Target announced Monday that, effective immediately, all online orders of $25 or more now qualify for free shipping, with virtually no exclusions. The new minimum is down from the previous threshold of $50.
The key competitive advantage may be found in the words, “virtually no exclusions.” As many shoppers have discovered, Target’s rival Amazon excludes many low-cost items from counting toward its $35-minimum threshold for free shipping (for non-Prime customers), calling them “Add ons.”
Target’s latest move is one of a series designed to appeal to mobile and online shoppers.
- Target offers always-free in-store pickup for eligible products – with more than 80% of orders ready in one hour – and free shipping on virtually all online purchases when using a Target REDcard.
- Target ships a portion of Target.com orders from select stores since late last year, resulting in shorter shipping times for customers and improved inventory management for Target.
- Target is opening two new online fulfillment centers this year, in Memphis and in York, Pennsylvania.
- Target offers a coupon app which surpassed $1 billion in promotional sales since it launched in 2013.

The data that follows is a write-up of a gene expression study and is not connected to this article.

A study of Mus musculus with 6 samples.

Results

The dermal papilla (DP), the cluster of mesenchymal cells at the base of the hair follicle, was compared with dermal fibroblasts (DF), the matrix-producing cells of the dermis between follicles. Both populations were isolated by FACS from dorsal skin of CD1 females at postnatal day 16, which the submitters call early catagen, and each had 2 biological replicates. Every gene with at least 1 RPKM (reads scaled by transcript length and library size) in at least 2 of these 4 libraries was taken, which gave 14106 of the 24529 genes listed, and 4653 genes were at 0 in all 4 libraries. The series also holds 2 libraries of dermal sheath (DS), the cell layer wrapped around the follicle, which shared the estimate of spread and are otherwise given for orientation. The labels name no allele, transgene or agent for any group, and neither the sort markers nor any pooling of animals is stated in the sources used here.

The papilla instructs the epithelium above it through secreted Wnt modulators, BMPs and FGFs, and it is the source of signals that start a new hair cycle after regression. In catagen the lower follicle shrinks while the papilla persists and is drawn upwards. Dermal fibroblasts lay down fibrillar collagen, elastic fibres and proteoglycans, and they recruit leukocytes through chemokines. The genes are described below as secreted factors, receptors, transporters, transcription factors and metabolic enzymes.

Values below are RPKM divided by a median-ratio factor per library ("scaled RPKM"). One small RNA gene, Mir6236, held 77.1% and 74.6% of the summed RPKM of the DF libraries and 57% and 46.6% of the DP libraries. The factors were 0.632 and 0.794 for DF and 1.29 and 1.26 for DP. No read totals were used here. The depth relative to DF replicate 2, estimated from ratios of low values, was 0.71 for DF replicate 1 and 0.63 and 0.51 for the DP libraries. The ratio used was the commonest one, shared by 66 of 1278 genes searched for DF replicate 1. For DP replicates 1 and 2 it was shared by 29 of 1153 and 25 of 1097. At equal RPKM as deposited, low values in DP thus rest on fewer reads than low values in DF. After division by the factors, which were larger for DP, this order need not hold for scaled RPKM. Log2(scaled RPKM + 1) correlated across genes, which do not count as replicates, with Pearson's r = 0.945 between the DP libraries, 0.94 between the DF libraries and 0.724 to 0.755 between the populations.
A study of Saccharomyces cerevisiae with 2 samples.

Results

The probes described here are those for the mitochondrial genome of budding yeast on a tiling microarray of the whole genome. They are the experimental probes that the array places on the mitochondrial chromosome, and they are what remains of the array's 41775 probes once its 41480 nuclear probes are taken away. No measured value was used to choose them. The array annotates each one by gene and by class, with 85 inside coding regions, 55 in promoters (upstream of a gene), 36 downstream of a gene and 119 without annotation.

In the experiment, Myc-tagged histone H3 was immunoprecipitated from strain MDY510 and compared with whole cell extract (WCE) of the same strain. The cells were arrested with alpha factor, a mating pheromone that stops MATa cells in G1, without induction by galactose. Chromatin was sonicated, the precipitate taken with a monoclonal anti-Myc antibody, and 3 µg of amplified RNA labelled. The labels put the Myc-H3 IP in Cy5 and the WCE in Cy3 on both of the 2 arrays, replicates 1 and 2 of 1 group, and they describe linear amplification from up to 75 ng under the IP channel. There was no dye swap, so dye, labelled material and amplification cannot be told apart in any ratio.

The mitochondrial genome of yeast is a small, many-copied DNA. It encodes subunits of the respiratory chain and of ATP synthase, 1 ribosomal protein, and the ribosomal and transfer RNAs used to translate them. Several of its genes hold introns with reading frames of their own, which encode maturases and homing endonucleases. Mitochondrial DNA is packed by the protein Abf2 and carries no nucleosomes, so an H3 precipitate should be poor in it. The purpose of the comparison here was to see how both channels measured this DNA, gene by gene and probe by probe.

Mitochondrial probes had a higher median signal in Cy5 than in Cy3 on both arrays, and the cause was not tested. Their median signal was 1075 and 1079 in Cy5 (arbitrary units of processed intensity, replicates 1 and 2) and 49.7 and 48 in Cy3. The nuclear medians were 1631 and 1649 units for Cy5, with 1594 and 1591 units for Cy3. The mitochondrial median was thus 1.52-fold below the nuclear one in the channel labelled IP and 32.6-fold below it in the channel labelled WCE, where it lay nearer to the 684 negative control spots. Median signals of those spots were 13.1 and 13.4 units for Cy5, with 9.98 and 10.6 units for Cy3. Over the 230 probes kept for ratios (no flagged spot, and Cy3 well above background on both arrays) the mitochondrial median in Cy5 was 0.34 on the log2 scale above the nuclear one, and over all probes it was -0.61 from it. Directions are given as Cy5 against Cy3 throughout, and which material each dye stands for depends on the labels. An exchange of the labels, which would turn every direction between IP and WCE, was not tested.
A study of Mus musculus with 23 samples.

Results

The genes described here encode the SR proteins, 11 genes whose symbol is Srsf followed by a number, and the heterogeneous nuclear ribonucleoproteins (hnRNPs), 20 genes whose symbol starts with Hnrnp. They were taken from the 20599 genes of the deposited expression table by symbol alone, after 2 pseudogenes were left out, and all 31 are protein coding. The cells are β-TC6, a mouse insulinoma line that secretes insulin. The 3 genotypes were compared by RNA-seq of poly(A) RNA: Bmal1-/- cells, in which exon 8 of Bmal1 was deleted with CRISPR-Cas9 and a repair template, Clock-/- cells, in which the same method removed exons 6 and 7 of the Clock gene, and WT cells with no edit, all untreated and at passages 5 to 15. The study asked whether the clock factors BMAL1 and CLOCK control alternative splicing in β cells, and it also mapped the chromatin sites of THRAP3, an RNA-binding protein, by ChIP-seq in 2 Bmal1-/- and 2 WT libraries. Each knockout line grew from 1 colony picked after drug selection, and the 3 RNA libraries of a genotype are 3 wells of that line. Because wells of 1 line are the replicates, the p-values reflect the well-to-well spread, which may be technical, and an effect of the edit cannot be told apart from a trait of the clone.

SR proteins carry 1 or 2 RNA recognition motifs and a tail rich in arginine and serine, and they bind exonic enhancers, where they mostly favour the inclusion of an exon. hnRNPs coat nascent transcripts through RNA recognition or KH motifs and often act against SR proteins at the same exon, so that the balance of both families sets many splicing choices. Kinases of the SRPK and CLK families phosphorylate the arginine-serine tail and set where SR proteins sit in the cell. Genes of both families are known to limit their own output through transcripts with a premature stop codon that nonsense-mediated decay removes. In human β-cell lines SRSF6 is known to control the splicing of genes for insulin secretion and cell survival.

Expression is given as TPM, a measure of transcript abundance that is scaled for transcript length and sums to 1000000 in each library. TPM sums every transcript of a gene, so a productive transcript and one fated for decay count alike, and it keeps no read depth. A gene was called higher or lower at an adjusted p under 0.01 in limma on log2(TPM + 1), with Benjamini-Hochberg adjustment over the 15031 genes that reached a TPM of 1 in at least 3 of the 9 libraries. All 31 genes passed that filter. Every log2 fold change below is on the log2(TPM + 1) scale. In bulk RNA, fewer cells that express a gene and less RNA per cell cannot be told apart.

- Target offers a subscription plan with a 5% discount similar to Amazon’s Subscribe & Save program.
Tom Caporaso, CEO of Clarus Marketing Group, said online marketplaces such as eBay could see some customers drift away on purchases in the lower price ranges as a result of Target’s new offering. “Consumers love free shipping; it’s the best sales closer on the online market, and shipping charges continue to be the biggest reason why online shoppers abandon carts.”
But the move won’t be as significant to eBay as it could be for Target’s direct competitors, which include Amazon and Walmart, and since eBay customers already enjoy free shipping on a variety of purchases, Caporaso said.
Clarus Marketing Group builds and customizes subscription programs for retailers including FreeShipping.com and Return Saver.
The move doesn’t impact Amazon Prime, but it is a direct challenge to Amazon’s offer of free shipping on orders of $35 or more. “The difference between $25 and $35 may seem like a tight window of opportunity, but Target is no doubt hoping that consumers will come to its site for smaller orders and then add items to their cart while they’re there,” according to Caporaso.
Will Amazon want to compete head-to-head for the $25 to $35 slice of the consumer market? It might, he said, but you rarely see Amazon go backward or take half-measures. “It could very well decide to drop the minimum to, say, $20, or it may do something with Prime that moves the spotlight completely off Target.”